Gary Lawless has traveled widely and often traces his journey through marks and tracks, through a history of icons and stones. How does culture move through space and time, from ancient Turkey and Greece, and on to us, if not by leaving texts in various scripts, and other marks, leaving pillar and stone, leaving ruins? “Standing in the Sacred, standing in ruins, all around us the stones,” Lawless says. If visual art moves largely through space, poetry has a strong component of time: one word then another, one line, then the next. Here, we have the visual image and the movement through times via words.
The author of 21 poetry collections, Gary Lawless, often pursued and expressed the development of his own ideas, but he also works to encourage others to find their voices. He and Beth Leonard opened Gulf of Maine Books in Brunswick 38 years ago as a community hub. Through working with various communities in Maine for decades, he has encouraged and published the work of combat veterans, prison inmates, immigrants, and refugees. In honor of his community work, the Maine Humanities Council awarded Lawless the 2017 Constance H. Carlson Public Humanities Prize. He has also received grants to spend time in Venice.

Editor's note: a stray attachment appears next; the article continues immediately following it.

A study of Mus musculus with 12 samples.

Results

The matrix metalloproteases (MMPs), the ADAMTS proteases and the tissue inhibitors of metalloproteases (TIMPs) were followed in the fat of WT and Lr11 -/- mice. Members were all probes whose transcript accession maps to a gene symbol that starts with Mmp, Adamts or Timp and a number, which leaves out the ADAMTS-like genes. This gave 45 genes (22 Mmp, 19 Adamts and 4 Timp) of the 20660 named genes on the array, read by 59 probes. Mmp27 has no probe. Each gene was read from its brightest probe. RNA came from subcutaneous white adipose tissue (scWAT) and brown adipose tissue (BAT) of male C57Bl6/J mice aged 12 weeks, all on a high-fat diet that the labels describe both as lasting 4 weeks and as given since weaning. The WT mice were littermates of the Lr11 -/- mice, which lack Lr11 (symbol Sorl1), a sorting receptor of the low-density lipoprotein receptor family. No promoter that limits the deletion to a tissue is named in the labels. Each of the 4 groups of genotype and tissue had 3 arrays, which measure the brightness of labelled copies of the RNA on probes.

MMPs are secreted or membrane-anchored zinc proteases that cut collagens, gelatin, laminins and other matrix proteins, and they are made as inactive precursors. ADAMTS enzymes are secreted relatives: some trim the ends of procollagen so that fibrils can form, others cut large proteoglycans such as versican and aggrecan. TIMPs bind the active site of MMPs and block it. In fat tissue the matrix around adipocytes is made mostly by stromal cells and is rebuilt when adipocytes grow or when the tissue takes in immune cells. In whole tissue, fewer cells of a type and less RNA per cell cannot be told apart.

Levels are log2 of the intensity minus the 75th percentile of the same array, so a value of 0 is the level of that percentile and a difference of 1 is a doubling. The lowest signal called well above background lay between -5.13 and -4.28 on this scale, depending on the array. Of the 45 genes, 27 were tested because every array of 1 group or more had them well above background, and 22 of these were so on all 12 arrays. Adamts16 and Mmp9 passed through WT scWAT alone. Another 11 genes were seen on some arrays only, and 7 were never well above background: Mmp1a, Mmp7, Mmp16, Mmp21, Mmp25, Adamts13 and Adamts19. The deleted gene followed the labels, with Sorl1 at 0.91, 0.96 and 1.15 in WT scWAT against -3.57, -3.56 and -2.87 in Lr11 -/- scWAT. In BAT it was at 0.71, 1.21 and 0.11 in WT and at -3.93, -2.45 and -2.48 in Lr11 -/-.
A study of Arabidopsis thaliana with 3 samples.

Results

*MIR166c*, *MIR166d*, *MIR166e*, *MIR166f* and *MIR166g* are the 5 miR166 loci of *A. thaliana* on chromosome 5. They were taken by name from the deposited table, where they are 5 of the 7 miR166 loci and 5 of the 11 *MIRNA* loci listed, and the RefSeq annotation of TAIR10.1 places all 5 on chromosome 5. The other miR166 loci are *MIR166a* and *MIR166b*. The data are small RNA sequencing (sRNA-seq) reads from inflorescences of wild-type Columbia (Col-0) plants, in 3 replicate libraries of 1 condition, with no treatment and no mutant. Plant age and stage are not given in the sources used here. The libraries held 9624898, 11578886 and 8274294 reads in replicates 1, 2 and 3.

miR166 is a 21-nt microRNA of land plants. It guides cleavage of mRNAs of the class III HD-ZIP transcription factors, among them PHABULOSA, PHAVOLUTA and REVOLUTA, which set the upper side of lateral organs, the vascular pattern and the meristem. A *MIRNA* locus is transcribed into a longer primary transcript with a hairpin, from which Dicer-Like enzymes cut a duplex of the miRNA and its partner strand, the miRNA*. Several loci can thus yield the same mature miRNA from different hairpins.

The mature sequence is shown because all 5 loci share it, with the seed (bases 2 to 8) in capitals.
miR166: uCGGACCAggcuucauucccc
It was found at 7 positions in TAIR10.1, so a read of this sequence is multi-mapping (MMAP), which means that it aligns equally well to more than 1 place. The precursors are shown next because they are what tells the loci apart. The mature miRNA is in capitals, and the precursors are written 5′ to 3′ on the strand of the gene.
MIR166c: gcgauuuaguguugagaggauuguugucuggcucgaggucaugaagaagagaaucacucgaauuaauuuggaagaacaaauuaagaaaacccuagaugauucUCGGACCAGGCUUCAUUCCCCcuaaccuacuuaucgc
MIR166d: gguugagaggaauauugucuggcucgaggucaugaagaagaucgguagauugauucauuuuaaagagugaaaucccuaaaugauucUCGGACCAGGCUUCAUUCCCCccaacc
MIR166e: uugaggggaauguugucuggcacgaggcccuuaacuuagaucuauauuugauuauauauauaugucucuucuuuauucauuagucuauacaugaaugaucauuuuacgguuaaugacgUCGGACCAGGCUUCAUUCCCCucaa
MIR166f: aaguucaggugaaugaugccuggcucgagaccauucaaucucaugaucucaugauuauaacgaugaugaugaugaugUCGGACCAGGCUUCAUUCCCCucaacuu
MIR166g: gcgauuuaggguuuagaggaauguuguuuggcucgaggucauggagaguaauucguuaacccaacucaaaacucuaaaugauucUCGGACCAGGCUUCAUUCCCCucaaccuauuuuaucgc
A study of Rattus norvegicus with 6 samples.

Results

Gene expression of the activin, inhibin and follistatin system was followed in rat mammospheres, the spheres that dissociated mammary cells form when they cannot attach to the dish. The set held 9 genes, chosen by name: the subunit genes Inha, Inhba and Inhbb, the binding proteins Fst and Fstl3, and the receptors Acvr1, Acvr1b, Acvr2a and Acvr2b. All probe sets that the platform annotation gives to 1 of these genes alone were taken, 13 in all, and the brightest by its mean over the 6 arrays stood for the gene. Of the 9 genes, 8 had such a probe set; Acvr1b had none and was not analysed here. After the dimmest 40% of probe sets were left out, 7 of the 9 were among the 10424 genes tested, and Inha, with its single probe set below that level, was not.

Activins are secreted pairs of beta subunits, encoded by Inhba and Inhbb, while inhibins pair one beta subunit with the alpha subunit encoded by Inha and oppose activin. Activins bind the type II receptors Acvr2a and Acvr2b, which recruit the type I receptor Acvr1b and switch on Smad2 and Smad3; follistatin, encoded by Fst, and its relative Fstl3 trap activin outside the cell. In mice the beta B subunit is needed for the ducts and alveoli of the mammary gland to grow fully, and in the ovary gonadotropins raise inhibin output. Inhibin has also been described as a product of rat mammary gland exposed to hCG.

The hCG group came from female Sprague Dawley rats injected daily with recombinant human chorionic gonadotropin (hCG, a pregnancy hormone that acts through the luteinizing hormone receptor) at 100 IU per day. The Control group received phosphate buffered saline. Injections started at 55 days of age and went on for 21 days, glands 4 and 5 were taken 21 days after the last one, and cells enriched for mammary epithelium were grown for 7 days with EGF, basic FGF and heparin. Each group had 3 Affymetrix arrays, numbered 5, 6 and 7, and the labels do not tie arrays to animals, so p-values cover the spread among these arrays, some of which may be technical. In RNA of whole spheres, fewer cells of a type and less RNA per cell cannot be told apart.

Betsy Sholl, Maine Arts Journal Poetry Editor
Serpent stone, moving
We were standing in the Hippodrome,
Istanbul, in the center of the track,
A serpent column, ancient bronze,
Three serpents, twining, brought
Here from Delphi, 324, by
Constantine, the center
Of the world, omphalos,
Once the horses were here, bronze,
Now in Venice, St Mark’s,
Where is the center of the world
We were in Delphi, standing in the Sacred,
Standing in ruins, all around us the stones.
The base of the serpent, with a new spiral,
Watching the light, to the sea.
The sanctuary of Apollo—Apollo who
Came here from Delos, his birthplace,
The sacred lake there, the Sacred Way
Guarded by lions, marble, from Naxos—
One of those lions now guarding
The Arsenale, Venice—
“all the earth a quarry” and
Image at top: Beth Leonard, Istanbul.